Renown’s Advanced Heart Failure Program Helps Heart Failure Patients Manage Chronic Disease


The American Heart Association says that 1 in 5 Americans will develop heart failure. Reno resident Clive Bradley was going about his daily routine when a sudden stroke led to a heart failure diagnosis. Clive talks about managing his condition through the individualized care he receives through Renown’s Advanced Heart Failure Program, a new program that helps patients live successfully with chronic disease. 

Renown’s Advanced Heart Failure Program recognizes that all hearts, like all people, are different. The program features individualized care for patients by providing comprehensive heart care services in one area with a specialized team that walks patients through every step of their recovery. The program’s ultimate goal is to make the transition from hospital to home as easy as possible, while guiding patients to lead a more healthy and active life.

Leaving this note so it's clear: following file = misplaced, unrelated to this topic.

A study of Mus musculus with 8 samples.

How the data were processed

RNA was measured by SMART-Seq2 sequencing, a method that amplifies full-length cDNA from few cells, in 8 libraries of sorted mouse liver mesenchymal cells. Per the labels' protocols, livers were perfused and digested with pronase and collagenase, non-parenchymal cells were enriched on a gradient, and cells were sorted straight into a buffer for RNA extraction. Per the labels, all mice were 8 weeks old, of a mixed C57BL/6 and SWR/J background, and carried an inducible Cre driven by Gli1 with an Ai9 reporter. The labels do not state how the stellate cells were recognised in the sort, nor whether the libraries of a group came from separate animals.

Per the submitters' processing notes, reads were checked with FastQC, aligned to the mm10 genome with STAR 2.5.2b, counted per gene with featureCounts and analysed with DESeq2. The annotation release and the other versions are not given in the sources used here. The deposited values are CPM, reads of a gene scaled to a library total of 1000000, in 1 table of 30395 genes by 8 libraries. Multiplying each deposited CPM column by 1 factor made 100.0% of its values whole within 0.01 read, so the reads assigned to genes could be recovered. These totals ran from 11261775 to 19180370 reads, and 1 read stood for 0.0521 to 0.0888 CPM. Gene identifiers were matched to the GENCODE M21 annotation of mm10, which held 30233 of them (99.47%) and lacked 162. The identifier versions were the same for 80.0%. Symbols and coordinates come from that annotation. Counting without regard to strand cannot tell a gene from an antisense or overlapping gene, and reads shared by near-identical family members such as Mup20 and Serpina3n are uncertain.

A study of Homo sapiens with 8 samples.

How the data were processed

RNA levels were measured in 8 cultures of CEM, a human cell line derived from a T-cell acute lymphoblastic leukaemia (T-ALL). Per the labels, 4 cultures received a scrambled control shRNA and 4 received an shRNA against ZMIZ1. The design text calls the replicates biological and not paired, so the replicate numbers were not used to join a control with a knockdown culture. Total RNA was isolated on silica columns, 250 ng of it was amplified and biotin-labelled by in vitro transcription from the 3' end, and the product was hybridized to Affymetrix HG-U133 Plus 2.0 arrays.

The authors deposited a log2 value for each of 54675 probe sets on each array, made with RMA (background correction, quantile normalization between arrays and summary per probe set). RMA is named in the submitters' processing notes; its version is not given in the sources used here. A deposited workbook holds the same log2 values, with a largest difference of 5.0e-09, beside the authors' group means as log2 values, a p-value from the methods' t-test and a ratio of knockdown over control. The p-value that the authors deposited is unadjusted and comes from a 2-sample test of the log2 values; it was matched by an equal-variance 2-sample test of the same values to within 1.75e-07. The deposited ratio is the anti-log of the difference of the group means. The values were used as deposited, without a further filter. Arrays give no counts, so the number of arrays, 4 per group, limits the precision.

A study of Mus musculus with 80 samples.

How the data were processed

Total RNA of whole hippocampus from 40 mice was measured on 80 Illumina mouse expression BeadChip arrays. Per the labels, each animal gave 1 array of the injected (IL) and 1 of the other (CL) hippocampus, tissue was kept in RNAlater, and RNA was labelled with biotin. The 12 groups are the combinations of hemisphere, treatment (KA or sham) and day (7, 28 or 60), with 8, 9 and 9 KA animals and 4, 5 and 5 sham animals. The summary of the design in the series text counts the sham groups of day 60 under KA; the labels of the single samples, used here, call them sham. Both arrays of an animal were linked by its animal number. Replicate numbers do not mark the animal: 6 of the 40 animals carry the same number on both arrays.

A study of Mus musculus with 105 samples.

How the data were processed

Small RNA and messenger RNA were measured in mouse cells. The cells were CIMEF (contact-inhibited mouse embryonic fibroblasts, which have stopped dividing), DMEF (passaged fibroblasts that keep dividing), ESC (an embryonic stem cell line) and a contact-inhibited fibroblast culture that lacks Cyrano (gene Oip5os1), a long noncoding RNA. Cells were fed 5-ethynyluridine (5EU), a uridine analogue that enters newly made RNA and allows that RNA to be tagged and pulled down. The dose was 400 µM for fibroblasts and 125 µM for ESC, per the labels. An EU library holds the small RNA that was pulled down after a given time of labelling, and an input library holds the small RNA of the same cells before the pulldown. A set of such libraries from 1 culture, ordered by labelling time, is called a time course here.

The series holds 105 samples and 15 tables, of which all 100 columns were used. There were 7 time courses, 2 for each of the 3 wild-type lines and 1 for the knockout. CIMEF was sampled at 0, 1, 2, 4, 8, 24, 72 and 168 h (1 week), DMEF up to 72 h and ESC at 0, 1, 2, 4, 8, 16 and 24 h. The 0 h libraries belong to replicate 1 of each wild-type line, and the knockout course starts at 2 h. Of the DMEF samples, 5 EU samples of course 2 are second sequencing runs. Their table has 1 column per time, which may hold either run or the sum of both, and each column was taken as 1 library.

Renown heart doctor Thomas-Duythuc To, MD, calls the Advanced Heart Failure Program “an innovative, in-depth approach to improve our patient’s care and everyday quality of life.”

Patient Clive Bradley credits his care team at the Advanced Heart Failure Program for helping him recover from a stroke and a heart failure diagnosis. 

“I did fall, and I fell hard in a parking lot, and I bounced back,” Clive says. “I bounced all the way to Renown where I got the best care. I’m the luckiest guy in the world. I met the nicest people you could possibly find anywhere.”

Heart failure is a lifelong condition requiring specialized treatment and individualized care. While heart failure is a serious diagnosis, many patients can, and do, go on to lead full lives while managing their condition.  

A comprehensive approach to heart failure, including education and monitoring from a specialized team, improves care and day-to-day quality of life for heart patients. Problems can be identified before they become more serious; significantly reducing symptoms and hospital re-admissions.

To learn more about the Advanced Heart Failure program, please visit the Institute for Heart and Vascular Health or call 775-982-PUMP (7867). If you are having unusual symptoms or just don’t feel right, please call 911.